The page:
An Historic Hard Winter.

BY NOW, I think we have all had it up to here with winter — even though it has just started. And yet, things could be so much worse.

That is the value of history, to look back and see how good you have it now.

We need only go back a little more than 100 years to observe a brutal winter in the Olympic Mountains, endured by some of the most clueless campers in history.

That would be the Press Expedition of 1889-90 when six men, four dogs (Daisy, Tweed, Bud and Dike), and two mules (Jennie and Dollie) relied on advice from the locals to buy lumber and build a boat to cruise up the Elwha.

Thirty feet long and 5 feet wide, the flat-bottomed Gertie “began to take on water like a thirsty fish” when she was launched and loaded with 2,000 pounds of supplies, including 50 pounds of fireworks on Dec. 30, 1889.

While it’s easy to judge historical figures from the comfort of our electrically heated homes, we were not there dragging a boat through waist-deep water or hip-deep snow, exhausted, hungry, cold and lost in 16-degree weather, so don’t judge the past by the present.

By Jan. 18, 1890, the Expedition had only made it upstream a few miles to the mouth of Indian Creek, where a massive log jam, used by the locals to cross the Elwha, stopped Gertie. Expedition leader James Christie employed a “clever strategy,” otherwise known as extortion, to threaten the locals with either helping to drag the Gertie over the log jam or the Press boys would cut it and deprive the pioneers of a river crossing.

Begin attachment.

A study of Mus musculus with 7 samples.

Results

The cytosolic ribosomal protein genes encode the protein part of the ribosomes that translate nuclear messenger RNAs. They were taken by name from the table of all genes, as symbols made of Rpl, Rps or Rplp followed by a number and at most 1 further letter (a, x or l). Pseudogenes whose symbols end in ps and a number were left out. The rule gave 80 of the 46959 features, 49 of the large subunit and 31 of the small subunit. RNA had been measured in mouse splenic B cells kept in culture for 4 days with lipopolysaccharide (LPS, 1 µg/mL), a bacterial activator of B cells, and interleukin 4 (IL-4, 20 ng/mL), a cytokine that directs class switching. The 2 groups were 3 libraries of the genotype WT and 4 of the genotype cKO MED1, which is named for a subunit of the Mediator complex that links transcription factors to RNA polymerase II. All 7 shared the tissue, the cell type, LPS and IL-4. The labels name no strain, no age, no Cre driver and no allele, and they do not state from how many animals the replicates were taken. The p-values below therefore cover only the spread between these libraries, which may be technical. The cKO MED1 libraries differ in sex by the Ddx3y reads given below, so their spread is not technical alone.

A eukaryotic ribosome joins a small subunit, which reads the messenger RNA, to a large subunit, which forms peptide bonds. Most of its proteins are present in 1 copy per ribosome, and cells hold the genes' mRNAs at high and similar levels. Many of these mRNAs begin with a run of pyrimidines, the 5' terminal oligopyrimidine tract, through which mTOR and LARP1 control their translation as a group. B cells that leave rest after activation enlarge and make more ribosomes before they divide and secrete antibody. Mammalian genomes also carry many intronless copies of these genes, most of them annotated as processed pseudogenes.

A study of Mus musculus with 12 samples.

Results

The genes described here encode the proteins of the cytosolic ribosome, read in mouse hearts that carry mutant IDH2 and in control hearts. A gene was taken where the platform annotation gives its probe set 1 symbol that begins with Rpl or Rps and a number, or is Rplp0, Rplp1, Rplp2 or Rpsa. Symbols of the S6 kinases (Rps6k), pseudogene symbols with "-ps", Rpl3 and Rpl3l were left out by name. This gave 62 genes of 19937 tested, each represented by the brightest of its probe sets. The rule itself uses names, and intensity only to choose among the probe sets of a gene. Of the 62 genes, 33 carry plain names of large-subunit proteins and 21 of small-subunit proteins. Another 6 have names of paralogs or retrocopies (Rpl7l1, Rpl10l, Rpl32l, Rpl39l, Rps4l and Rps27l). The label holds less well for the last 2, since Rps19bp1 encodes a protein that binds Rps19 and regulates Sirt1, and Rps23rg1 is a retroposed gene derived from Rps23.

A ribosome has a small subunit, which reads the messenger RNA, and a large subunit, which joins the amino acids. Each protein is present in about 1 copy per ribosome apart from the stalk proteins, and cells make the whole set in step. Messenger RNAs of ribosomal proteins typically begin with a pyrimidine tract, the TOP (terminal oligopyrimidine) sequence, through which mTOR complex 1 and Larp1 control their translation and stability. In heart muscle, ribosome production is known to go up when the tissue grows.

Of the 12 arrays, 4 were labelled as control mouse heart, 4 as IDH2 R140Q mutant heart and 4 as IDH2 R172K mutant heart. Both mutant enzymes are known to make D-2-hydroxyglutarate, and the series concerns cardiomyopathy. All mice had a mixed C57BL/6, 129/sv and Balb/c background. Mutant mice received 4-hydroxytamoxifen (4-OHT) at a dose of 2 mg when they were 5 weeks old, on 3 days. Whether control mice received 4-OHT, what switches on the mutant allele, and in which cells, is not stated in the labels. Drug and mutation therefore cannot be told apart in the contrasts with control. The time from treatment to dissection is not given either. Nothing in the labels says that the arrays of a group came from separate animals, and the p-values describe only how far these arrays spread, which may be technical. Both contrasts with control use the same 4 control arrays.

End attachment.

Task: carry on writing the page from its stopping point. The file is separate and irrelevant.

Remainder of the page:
Seven men showed up to drag the Gertie over the log jam.

The bridge and the expedition were saved.

Gertie was abandoned just upstream. The snow was too deep for Jennie and Dollie to pack anything so the expedition fabricated some failed contraptions to sled their supplies that worked about as well as the Gertie.

Somewhere near the present Olympic National Park boundary, they met a camp of S’Klallam hunters with elk meat hanging whom Christie declared “utterly ignorant of the country.”

More likely the S’Klallam hunters had already learned the fate of the buffalo and were reluctant to share information on the elk, whose near extinction through market-hunting by the white man would occur a few years later.

The S’Klallam had villages and camps all along the Elwha. In fact, the expedition spent the night in an abandoned S’Klallam house above the Glines Canyon dam site.

The country was not unknown to the S’Klallam.

It had been depopulated by disease and the 1855 Point No Point Treaty, which forced the S’Klallam onto a reservation at the mouth of the Elwha.

By the end of February, the expedition had traveled less than a fifth of the distance across the Olympics, but had used up half its supplies.

Loading the mules with 200-pound packs, they started across the Devil’s Backbone, the steep ridge above the Elwha Ranger Station.

At one point, Jennie fell off a 400-foot cliff, breaking her back. The expedition “felt blue,” knowing they would now have to pack Jennie’s load on their backs.

By March, every member of the expedition was suffering from dysentery, which could have been contracted from any number of sources from polluted water to questionable hygiene.

Dollie, the remaining mule, was reduced to eating Oregon Grape. She would have to “survive on faith” until reaching the bunch grass prairie that the locals said was near the hidden lake at the center of the Olympics.